James Meredith is a 20th century eminent American Civil Rights Movement figure. He was involved in political advisory committee and also wrote about the social inequality issues. Besides, he was a war veteran and was the first black to be admitted in an all-white university.
James Howard Meredith was born on June 25, 1933 in Kosciusko, Mississippi to Moses Meredith and Roxie. He descended from a cultural diverse family having British Canadian, Choctaw, Scots and African-American heritage. Mississippi at that time was under Jim Crows tyrant rule and therefore all the schools in his territory were segregated as “white” and “colored”. Meredith went to a segregated local high school and after graduation he joined United States Air Force. He served in the air force for nine years. Upon his return, he went on to attend Jackson State University and earned good grades. Afterwards, he applied to the state-funded University of Mississippi which only accepted white students. However, he insisted on having equal civil rights.
His application was rejected twice but he didn’t give up. In his application, Meredith wrote he needed admission for his country, race, family, and himself and that he intend to pursue the degree all the way. Leader of National Association for the Advancement of Colored People, Medgar Evers assisted James Meredith on the matter. He filed a lawsuit against the U.S. District Court for the Southern District of Mississippi with the support from the NAACP Legal Defense and Educational Fund. The lawsuit claimed the cause of rejection was not the unsatisfactory grades because he had a highly successful academic record, but the reason was solely based on his colour. After a dozens of hearings, the case finally went to the U.S. Supreme Court. The court ruled in his favor, giving him the right to apply to any segregated university and be admitted.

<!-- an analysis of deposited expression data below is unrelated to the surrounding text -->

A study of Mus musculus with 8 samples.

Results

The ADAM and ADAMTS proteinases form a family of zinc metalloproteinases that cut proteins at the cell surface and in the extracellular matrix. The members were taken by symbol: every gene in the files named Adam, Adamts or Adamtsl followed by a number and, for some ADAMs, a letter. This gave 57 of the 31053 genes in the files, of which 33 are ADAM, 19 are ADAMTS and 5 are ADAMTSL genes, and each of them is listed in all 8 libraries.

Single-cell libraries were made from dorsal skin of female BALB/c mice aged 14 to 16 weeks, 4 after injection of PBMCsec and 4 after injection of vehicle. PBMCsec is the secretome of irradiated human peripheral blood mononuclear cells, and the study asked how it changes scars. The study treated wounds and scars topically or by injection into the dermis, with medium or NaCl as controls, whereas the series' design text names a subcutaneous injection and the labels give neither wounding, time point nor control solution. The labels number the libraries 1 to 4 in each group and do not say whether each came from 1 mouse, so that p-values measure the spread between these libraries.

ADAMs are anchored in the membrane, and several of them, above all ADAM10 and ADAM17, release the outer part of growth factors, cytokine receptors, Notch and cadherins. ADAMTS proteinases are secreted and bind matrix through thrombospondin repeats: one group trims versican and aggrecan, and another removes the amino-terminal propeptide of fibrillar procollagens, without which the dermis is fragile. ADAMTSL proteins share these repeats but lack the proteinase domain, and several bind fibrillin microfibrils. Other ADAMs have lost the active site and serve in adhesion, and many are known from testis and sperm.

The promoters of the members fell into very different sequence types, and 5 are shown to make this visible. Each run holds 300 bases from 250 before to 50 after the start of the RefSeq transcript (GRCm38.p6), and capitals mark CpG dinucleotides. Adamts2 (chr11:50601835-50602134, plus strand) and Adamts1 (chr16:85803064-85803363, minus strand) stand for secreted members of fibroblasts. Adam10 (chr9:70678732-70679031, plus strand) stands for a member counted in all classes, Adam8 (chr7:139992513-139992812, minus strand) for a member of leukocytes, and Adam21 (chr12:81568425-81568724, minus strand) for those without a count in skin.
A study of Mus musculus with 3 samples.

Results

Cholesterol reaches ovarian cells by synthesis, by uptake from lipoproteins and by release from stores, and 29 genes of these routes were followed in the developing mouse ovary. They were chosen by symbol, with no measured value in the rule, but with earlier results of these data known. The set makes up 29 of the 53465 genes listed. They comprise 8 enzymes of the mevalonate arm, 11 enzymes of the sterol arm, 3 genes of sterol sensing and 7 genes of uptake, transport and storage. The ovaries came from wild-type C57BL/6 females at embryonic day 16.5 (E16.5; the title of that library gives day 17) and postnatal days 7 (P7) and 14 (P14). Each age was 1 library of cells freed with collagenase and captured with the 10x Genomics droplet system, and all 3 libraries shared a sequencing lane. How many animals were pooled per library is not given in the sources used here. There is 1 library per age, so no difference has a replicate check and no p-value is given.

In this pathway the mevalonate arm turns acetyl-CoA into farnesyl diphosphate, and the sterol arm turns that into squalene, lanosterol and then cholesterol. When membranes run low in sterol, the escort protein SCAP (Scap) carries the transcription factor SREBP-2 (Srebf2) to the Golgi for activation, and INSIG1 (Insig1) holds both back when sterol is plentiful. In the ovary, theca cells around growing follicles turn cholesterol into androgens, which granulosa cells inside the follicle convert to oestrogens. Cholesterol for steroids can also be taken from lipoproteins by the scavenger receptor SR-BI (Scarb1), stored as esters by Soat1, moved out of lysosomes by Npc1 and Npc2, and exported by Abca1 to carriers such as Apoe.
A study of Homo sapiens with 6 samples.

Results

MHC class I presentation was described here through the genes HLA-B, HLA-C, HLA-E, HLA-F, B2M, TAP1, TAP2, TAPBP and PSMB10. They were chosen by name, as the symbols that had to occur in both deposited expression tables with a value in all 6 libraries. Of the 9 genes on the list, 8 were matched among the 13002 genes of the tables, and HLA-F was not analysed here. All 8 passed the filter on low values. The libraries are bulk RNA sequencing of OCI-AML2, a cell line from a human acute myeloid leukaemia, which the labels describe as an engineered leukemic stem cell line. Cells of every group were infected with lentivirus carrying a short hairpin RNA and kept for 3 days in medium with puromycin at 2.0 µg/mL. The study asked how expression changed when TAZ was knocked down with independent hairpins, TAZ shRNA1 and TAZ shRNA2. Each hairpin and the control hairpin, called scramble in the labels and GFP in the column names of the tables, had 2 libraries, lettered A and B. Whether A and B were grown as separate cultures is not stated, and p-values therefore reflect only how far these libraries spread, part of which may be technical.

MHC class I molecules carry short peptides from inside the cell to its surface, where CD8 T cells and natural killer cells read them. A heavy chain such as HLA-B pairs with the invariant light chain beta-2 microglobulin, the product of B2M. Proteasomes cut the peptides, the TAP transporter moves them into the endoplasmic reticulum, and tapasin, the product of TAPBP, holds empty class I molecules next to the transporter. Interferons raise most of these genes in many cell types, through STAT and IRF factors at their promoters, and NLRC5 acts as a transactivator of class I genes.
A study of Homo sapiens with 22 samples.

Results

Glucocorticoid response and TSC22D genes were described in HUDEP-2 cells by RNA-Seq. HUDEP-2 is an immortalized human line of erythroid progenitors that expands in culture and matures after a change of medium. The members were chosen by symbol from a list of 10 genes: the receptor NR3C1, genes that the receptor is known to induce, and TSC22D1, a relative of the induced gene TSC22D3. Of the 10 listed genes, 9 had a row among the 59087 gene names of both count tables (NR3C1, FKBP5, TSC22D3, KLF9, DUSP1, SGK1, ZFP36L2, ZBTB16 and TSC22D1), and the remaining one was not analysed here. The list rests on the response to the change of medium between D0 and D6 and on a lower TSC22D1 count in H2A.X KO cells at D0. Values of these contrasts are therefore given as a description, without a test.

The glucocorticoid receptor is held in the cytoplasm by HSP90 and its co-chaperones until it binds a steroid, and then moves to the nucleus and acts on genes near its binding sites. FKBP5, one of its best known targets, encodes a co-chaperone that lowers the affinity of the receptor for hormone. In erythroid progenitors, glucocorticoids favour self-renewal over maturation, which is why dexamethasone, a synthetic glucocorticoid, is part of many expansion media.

However, Meredith’s struggle for justice was not over yet. Democratic Governor of Mississippi, Ross Barnett felt being cheated of his right to discriminate and mistreat the blacks. Thus he had the Legislature pass a law that “prohibited any person who was convicted of a state crime from admission to a state school.” The law specifically targeted Meredith to have his registration revoked because he had been once convicted of false registration. It did not end here, later two state courts decreed barring Meredith’s registration. Nonetheless, it all turned around when the Governor kept up his refusal and found in contempt of court and was arrested and heavily fined. Another Lieutenant Governor Johnson was found in the same position and was given the same treatment.
President Kennedy proclaimed that any personnel involved in obstruction of law will be brought to justice with use of military if necessary. Subsequently, Ross Barnett received several calls from the US Attorney General Robert F. Kennedy upon the subject of James Meredith’s admission. He eventually gave in and reluctantly agreed to let Meredith be admitted at the University of Mississippi. In 1962, Meredith became the first African-American to have been enrolled in an all-white university. The riots broke out in the vicinity protesting against his enrollment and as a result a French journalist got caught up and was killed. Inside the campus, things were still difficult for him as he was mostly bullied and harassed by white students.
Upon completing his degree, he went to Nigeria and studied political science there. When he returned, he won Columbia University scholarship and studied law. Henceforth he invested all his energy focusing on blacks’ civil rights and championing them.